College Tax Credit

American Opportunity Tax Credit

College tax credits are an important part of your college financial aid plan. Even if you are not in a high tax bracket, a tax credit may help pay for college. The American Opportunity Tax Credit is good for the tax year 2024. Read more about tax credits and deductions for college, including some recent changes from the Tax Cuts and Jobs Act (TCJA).

Everyone loves to save on income taxes. One way to help pay for college expenses is to leverage tax incentives, like tax deductions and credits for college expenses. The tax laws change every few years, with new college tax credit and deductions, and incentives to save for college.

Last updated on May 19, 2024 by College Financial Aid Advice.

College Tax Credits and Deductions

College Tax Credit

Don't forget to claim your student tax credit!

Here are some of the most popular education tax credit and deductions. You cannot take the American Opportunity Tax Credit, the Lifetime Learning Credit, and tax deductions for tuition and fees in the same year. If you use TurboTax a popular tax preparation software, it will automatically figure out which of these college tax credits or deductions is best for you.

American Opportunity Tax Credit

President Obama wanted to make college affordable for everyone. As part of the American Recovery and Reinvestment Act of 2009, the American Opportunity Credit provides up to $2,500 for each eligible college student per year. 40% of this is a refundable credit, meaning you can receive $1,000 even if you owe no taxes. Typically this is used for college students who are dependents on their parents return, or adults over age 24.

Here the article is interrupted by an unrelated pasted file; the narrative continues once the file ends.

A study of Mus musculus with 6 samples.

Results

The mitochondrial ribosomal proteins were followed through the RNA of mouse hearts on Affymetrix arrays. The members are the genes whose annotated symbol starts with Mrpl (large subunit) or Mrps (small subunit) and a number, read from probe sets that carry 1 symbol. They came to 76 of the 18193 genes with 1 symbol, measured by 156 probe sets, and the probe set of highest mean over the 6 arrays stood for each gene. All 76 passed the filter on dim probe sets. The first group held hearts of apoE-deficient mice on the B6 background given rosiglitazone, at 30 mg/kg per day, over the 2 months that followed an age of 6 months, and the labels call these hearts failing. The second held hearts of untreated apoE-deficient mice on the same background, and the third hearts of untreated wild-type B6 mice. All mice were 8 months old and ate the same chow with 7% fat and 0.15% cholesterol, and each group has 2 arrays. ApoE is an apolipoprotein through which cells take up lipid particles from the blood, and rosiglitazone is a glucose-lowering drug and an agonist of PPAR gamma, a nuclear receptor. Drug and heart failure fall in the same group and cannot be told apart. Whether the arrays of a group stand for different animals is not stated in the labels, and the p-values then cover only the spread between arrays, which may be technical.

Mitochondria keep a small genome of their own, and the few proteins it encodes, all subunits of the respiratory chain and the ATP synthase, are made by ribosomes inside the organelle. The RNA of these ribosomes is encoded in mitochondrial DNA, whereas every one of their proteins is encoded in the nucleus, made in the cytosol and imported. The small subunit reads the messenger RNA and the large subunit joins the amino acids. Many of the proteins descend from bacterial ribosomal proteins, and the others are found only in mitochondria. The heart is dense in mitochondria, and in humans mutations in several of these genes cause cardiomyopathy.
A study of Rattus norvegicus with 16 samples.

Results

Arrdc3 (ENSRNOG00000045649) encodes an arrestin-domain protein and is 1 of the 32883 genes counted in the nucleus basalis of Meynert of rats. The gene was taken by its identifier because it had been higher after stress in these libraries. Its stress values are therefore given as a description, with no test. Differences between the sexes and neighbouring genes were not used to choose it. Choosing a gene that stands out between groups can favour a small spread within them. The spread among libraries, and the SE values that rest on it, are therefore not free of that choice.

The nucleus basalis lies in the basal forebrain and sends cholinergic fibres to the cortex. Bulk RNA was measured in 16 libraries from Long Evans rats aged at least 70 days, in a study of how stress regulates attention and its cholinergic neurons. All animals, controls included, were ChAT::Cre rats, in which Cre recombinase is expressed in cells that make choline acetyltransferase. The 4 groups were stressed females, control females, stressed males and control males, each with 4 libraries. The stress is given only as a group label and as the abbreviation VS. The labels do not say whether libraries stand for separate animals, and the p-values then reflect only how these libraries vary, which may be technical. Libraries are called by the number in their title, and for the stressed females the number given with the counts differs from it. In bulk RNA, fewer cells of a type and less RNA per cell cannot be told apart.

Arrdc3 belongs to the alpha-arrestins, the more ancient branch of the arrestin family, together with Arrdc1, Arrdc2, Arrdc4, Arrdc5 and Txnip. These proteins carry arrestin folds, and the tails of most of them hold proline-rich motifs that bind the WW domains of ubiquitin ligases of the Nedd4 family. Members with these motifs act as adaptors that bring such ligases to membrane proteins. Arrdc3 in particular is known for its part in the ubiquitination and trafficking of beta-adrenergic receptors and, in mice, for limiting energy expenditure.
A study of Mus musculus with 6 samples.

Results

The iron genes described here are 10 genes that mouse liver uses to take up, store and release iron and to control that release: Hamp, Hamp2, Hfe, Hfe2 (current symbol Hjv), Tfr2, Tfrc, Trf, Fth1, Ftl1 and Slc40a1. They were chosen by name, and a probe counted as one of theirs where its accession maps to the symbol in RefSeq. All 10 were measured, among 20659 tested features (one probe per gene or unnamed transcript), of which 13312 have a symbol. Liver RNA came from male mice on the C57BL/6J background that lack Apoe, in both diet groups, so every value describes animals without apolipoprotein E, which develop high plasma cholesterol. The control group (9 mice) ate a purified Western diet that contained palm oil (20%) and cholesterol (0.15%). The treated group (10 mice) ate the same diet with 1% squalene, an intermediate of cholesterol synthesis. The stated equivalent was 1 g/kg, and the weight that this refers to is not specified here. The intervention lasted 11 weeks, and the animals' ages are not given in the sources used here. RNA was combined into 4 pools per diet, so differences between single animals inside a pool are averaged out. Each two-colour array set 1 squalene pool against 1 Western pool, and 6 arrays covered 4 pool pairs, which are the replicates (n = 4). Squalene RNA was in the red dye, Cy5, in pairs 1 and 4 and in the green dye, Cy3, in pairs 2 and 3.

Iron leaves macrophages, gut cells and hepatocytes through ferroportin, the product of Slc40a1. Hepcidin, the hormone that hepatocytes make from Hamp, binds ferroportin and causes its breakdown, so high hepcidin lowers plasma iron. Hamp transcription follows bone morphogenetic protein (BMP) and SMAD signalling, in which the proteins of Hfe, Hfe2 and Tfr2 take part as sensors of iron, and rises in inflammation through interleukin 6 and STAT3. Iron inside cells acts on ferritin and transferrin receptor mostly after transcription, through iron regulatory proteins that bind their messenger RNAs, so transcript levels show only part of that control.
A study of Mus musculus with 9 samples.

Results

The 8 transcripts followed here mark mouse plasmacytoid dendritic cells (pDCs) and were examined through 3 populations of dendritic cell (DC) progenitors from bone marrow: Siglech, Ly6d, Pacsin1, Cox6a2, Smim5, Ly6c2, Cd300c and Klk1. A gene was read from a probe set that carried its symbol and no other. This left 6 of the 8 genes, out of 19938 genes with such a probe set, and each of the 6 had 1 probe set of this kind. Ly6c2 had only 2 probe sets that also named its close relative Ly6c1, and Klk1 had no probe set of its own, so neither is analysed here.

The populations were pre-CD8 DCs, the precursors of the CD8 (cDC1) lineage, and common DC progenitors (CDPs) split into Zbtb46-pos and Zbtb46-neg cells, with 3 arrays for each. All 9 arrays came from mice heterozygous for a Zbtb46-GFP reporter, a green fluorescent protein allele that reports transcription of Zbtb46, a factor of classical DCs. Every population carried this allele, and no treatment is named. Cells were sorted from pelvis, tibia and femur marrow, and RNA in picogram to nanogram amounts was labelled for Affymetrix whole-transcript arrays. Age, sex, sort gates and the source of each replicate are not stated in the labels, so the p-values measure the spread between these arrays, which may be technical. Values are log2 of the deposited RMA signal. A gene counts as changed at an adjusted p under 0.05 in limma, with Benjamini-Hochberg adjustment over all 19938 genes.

Students may claim this credit if you are over age 24 as long as you meet the other requirements, e.g. are not claimed as a dependent on someone else return, are attending a degree program half-time or more, and have not already completed four years of college. If you don't meet these criteria, you will probably be eligible for the Lifetime Learning Credit (see below).

The American Opportunity credit is phased out for single taxpayers with incomes between $80,000 and $90,000, or ($160,000 to $180,000 for married joint filers).

You must be attending a degree program at least half time during your first four years of college.

When does the American Opportunity Tax Credit expire? The American Opportunity Credit started in 2009 and is still in effect in 2024.

Lifetime Learning Credit

Another popular U.S. college tax credit is the Lifetime Learning Credit. The tax credit allows a taxpayer to deduct 20% of college tuition and fees, up to $10,000, which can equal a $2,000 tax credit. The credit may be used for taxpayer, spouse and dependent children.

In 2024, the Lifetime Learning Credit is phased out for single taxpayers with incomes between $80,000 and $90,000, or ($160,000 to $180,000 for married taxpayers filing jointly).

Unlike the American Opportunity Tax Credit, this Lifetime Learning Credit does not require the student to be studying toward a degree, enrolled at least half-time, or limit on number of years it may be taken.

Tuition and Fees Tax Deduction

The Tax Cuts and Jobs Act (TCJA), signed by President Trump at the end of 2017, did not extend the Tuition and Fees Tax Deduction for 2018 and forward. This expired at the end of 2016. It cannot be used for 2024.

In 2016, this benefit allows college Tuition and Fees to be deducted even if you did not itemize your deductions, up to $4,000 of college tuition and college expenses for you, your spouse or dependents.

In 2016, the tuition and fees tax deduction maximum is $4000 for modified adjusted gross income less than $65,000 (or MAGI $130,000 joint filers). Tax deductions are limited to $2,000 for single taxpayers with modified adjusted gross incomes between $65,000 and $80,000, or ($130,000 to $160,000 for married taxpayers filing jointly).

Hope Tax Credit for Students - Expired College Tax Credit

The Hope Tax Credit is not available in 2024 or later. This Hope Credit or Hope Scholarship Credit as it is sometimes called, expired after 2009. It was replaced with the American Opportunity Credit (see above).